Row as Labour minister joins 'pension cuts' body

John Hutton, a former Labour Cabinet minister, has been appointed to head a commission that will look for ways to cut the cost of pensions for public sector workers.

The choice of the former Work and Pensions Secretary is a sign of the Government's anxiety to take some of the political sting out of the highly contentious issue of the pensions paid to former public employees, which are relatively more generous than most of the pensions for people who have worked in the private sector.

A report last week from the Office for Budget Responsibility forecast that the total paid out annually in pensions to former public employees could more than double in than four years, to £9bn. Pension rights already accrued by public workers will be respected, but Mr Hutton's commission will suggest reforms that will make public sector pensions "sustainable" in the long run.

This follows a warning last week from the Deputy Prime Minister, Nick Clegg, that it would be "unfair" to expect private-sector workers who had seen their pensions schemes hit "to keep paying their taxes into unreformed gold-plated public sector pension pots".

Announcing the appointment, George Osborne, the chancellor, told BBC1's Andrew Marr Show: "He is a man with real intelligence and knowledge in this area. I think he's going to bring a cross-party perspective to what is a national problem and means that this is not going to be done a partisan basis.

"Having John Hutton on board chairing this independent Pensions Commission, will mean that we can approach this issue of public sector pensions in a fair and equitable way."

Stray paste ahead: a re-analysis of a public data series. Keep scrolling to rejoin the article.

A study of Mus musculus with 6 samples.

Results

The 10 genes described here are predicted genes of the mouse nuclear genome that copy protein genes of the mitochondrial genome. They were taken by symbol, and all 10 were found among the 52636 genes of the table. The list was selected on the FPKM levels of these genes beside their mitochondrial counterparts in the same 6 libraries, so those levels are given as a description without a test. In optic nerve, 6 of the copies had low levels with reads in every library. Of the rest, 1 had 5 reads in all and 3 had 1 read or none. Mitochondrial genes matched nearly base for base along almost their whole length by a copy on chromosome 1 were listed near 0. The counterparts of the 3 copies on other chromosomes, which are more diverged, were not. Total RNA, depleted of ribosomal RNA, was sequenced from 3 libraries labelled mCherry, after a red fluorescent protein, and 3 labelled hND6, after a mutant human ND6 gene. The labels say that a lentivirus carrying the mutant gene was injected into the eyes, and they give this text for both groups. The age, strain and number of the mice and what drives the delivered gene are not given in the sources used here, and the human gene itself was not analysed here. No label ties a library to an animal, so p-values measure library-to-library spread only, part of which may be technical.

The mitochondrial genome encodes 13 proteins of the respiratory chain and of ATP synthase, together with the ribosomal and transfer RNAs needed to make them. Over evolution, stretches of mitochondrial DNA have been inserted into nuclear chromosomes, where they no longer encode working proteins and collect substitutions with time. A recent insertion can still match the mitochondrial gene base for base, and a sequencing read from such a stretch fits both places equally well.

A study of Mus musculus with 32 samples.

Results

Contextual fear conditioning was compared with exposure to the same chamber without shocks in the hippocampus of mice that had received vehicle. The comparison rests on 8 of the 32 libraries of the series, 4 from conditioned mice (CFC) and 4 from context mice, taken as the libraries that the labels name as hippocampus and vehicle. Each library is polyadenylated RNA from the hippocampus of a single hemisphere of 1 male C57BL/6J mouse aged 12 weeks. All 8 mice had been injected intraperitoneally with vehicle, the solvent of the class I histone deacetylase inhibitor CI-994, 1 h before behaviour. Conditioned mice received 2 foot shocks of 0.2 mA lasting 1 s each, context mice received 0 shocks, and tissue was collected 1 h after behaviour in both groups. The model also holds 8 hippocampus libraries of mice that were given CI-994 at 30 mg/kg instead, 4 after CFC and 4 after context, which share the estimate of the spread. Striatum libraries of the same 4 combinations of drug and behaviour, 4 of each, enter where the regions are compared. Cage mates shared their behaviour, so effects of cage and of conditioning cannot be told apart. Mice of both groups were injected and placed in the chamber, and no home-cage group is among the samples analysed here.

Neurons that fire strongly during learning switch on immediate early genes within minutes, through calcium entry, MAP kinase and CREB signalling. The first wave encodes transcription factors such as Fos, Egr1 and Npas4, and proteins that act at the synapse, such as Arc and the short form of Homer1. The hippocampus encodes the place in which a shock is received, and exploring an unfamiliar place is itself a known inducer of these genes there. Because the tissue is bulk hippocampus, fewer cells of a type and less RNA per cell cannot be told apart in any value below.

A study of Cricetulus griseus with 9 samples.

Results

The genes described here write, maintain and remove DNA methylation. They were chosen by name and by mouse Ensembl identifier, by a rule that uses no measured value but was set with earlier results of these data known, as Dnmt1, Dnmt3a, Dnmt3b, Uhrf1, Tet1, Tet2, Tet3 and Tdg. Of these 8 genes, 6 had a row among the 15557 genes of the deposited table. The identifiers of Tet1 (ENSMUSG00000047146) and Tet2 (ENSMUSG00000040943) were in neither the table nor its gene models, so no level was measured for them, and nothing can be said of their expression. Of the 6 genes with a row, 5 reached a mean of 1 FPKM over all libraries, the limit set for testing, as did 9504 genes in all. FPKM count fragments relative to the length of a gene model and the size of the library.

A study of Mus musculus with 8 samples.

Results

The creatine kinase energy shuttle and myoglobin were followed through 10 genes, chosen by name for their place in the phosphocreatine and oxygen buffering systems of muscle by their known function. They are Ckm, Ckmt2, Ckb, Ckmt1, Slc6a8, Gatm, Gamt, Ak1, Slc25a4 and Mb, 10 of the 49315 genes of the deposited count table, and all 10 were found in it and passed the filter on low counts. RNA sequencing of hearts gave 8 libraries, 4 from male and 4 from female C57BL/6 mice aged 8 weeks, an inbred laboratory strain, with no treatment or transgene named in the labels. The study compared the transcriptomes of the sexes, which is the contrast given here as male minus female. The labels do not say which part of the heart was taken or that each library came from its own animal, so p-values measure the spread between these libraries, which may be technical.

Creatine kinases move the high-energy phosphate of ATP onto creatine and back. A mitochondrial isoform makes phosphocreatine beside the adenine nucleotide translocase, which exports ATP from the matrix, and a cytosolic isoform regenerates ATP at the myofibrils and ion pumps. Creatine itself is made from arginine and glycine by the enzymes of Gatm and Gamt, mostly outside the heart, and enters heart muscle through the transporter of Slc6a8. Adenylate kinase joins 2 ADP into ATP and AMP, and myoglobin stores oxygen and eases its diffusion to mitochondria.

There were appeals not to make retired public employees bear the cost of the recession. Brendan Barber, general secretary of the TUC, said: "Any objective look at public sector pensions will find they are affordable and sustainable. While no pension scheme can be set in stone forever, the real problem in Britain is the collapse of private sector pensions."

While Mr Hutton's appointment was welcomed by the Tories, it produced an explosion of rage from John Prescott, the former deputy Prime Minister, about ex-Labour ministers who "collaborate" with the new regime. Mr Prescott opened fire on his blog yesterday at Mr Hutton, who quit the Commons at the election, and the Labour MPs Kate Hoey, sport adviser to the London mayor, Boris Johnson, and Frank Field, heading a Government inquiry into poverty.

Mr Prescott wrote: "I was surprised to see Lib Dems used by Thatcherites like Cameron and Osborne to provide cover in the Treasury for their heartless programme of cuts. But that pales into insignificance now Labour ministers – Labour ministers – have decided to collaborate. They've turned a Con-Lib Government to a ConLibLab one and made themselves human shields for the most savage and heartless Tory policies in 20 years. Policies that will hit the poorest and most vulnerable the hardest – the very people Labour was founded to protect. I would ask if they can live with their conscience but I'd question whether they had one."

Alistair Darling, the former chancellor, had "no problem" with the principle of a commission to look at public sector pensions – and Mr Hutton would ensure it was independent. "What I do have a problem with is a Government that I think is ideologically driven is using the present circumstances as a cover for what they would have done anyway, using the Liberals to front it all up," he added, speaking on the BBC's Politics Show.

Ed Balls, a contender for the Labour leadership, said: "Public sector workers across the country will be deeply concerned to have a review of their pensions sprung upon them on a Sunday morning – without proper consultation. They will be particularly worried given the comments by David Cameron and Nick Clegg in recent days about their desire for cuts to public sector pensions. The Government must make clear that the findings have not been pre-empted."